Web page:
Fractured Bits from Toddler Land

Petra standing between two standing toy like a DJ at her two turntables.

Petra standing between two toys like a DJ at two turntables.

They don’t even toddle, yet they have harnessed the targeted power of tornadoes. You can tell where they’ve been by the destruction they’ve left. Every book from the lowest shelf is scattered across the floor. Scores of blocks litter the carpet like land mines. The contents of entire tissue boxes have been ripped into chunky snow.

*

Petra grabs hold of the round pendant around my neck, says Ness. Meaning necklace. Woah, I say. I’ve told her this word three times, and not today or yesterday.

*

Fiona now has a “talker,” an iPad devoted to a communication app, encased in kid-happy red. The main frame displays 120 words. The cells are tiny, too tiny for her raking hands right now (she can’t yet point) but (we surmise) not too tiny for her future. And so we are building toward a day when she can also say, not just necklace, but Mommy, I don’t like that necklace you wear every freaking day. Or whatever she’d like to say about my necklace.

Fiona and Justin looking at the talker.

Fiona and Justin looking at the talker.

*

I build up the stacks and rows on the lowest bookshelves. They tear them down again.

*

Petra pulls up on the coffee table and stands. Up, she says, and at first I think she means, Pick me up, but she shows no interest in being picked up, so I realize that instead she means, I’ve achieved.

*

Fiona gets “babble” time with her talker. She rakes her hand across the screen, and she taps her thumb on random spots, and she splays her fingers wide to see what words she’ll hit. An automated voice replies. Let. Bookstore. Read. Window. When she lands on Erin, she squeals and beams. She’s struck gold. She leans in a few inches from the screen, examines the tiny photo of her personal care assistant. Then she smiles at me and squeals again. It’s a full-body squeal: she tightens her arms and legs with a jolt and lets out a squeak. When she tries to say her friend’s name again, she remembers the rough location, even gets close to touching it.

*

Petra gives me a pretzel rod she’s been chewing. Thank you, I say. Then I put it in a Tupperware container on the table. No no no no no, she screams, her face scrunching in distress. Okay, I say, and try eating the pretzel rod. No no no no no! she says, clearly insulted by my idiocy. What she wants me to do with this pretzel rod, I have no idea, but she has firm opinions about it, and now she is digging her fist into her closed eye, squeaking with each hard rub, closing in on bedtime.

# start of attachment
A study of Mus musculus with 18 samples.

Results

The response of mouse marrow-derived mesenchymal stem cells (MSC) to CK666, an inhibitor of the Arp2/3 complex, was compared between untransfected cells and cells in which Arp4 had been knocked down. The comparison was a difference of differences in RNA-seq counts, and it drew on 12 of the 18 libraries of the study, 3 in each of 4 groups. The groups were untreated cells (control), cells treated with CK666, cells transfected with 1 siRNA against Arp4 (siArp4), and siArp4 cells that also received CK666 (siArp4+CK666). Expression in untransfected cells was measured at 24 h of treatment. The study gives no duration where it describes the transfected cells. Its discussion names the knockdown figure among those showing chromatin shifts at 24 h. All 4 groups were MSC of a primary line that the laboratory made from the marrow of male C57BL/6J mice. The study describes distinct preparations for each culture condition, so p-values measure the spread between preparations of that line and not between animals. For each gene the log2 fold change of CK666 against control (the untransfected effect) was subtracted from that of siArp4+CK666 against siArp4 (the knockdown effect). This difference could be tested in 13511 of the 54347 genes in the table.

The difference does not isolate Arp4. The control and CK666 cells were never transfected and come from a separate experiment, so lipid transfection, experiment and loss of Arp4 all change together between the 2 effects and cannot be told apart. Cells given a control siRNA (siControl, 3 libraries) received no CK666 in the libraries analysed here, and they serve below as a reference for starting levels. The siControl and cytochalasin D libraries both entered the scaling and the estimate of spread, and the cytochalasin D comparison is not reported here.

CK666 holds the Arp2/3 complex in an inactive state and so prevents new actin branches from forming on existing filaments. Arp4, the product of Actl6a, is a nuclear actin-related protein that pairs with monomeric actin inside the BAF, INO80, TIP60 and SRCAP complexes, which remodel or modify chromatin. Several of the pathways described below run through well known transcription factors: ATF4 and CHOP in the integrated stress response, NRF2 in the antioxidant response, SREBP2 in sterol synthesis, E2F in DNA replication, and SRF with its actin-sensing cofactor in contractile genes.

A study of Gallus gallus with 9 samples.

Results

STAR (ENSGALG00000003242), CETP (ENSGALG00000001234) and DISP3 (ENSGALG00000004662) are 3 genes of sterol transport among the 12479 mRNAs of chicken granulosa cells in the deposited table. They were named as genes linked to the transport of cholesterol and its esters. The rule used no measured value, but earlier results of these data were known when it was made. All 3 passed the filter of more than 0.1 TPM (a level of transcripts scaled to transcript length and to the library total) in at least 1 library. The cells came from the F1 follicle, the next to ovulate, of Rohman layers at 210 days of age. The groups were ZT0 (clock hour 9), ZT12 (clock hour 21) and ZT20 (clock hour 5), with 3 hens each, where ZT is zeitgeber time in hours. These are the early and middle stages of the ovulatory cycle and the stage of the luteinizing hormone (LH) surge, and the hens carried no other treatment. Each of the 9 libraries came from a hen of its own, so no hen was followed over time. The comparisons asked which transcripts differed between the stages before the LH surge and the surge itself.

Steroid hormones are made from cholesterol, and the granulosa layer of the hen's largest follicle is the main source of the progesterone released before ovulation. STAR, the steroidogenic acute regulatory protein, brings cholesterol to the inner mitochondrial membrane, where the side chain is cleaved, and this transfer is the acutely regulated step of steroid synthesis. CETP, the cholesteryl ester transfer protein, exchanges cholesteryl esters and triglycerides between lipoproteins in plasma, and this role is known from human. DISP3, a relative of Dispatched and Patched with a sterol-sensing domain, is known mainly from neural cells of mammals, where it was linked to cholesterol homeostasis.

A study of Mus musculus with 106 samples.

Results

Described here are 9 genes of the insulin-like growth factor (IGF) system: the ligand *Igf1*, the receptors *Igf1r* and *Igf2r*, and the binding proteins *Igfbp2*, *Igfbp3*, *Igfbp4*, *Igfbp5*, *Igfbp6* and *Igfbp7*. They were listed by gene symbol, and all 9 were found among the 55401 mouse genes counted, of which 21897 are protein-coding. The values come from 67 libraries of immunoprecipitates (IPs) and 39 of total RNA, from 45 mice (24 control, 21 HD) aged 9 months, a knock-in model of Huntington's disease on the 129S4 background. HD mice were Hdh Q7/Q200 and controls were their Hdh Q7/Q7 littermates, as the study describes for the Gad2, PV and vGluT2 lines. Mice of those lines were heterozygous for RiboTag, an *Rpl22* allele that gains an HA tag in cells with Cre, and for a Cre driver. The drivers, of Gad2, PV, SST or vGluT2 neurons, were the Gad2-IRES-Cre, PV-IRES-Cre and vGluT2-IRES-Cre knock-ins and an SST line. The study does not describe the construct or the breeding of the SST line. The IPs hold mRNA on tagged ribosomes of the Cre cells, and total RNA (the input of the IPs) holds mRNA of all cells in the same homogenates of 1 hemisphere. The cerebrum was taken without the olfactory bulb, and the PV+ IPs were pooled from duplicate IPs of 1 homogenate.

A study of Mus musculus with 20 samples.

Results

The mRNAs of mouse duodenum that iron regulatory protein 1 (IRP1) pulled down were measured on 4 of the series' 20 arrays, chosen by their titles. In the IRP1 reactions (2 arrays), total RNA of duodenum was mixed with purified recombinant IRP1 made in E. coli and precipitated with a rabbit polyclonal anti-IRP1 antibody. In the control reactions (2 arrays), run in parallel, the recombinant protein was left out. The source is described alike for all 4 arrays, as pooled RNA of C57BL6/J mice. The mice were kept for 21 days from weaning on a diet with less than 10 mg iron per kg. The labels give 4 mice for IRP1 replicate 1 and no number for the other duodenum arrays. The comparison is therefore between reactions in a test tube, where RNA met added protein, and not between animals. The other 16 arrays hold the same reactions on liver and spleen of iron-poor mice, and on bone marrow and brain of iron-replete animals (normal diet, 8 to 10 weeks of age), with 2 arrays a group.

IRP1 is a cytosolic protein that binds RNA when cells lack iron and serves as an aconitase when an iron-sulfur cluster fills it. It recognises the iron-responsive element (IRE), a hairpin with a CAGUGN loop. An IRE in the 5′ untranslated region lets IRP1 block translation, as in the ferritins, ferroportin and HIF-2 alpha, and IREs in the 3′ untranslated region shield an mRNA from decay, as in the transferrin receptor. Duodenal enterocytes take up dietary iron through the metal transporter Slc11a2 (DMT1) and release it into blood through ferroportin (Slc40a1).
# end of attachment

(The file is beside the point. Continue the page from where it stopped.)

*

I build up the stacks and rows on the lowest bookshelves. They tear them down again.

*

Fiona is in the middle of the living room rug, crawling toward her favorite pastime: the magazines. Petra is on the edge of the rug, farthest away from the magazines. Fiona’s crawling is staggered and painstaking, rigid and shaky, each movement taking her only an inch or two forward. Her crawling is still a triumph. Petra sees where Fiona is going—magazines!— and charges ahead with a smile. Petra’s crawling is speedy and coordinated. Her knees pound the floor in a rhythmic thunder. I watch from the dining room table.

It’s a two-second screenshot, a point of no return: Petra crawls twice as fast as her sister. She beats Fiona to the magazines by a long shot. And so it begins, I think.

*

Kids in highchairs, an aerial view.

Kids in highchairs, an aerial view.

We put their highchairs together, tray to tray, during snack time. We cast cheerios and cheese bits and berries onto the surfaces. Petra’s index finger plucks an apple bit off the tray with precision. Fiona’s two-fingered grab is less astute but gets the job done; she pops a few cheerios into her mouth. After a few minutes, one sister decides she’s done. It doesn’t matter who. Maybe Petra pushes her arms against the tray’s edge, and says Up. Or Fiona signs all done and says Oum, meaning out.

We don’t listen fast enough. One starts chucking food off the tray. The other joins. Banana, cheese, anything is friendly fire on the floor. Fiona clears her tray with one gleeful swipe of her arm. Someone pulls off a bib. The other is emboldened by the gesture. Burn. The. Bibs! Burn. The. Bibs! The bibs are off, the floor is covered in food. The minions are revolting in Toddler Land.

*

I build up the stacks and rows on the lowest bookshelves. They tear them down again.

*

In the hour between their bedtime and mine, I’m reading Jennifer Senior’s All Joy and No Fun: The Paradox of Modern Parenting. Children do not necessarily bring us happiness, the final chapter says, but they bring us meaning, purpose, deep joy.

An automated voice speaks from the opposite sofa: I took a much needed dump I mean poop and I do mean poop. My husband snickers. He’s playing with Fiona’s talker.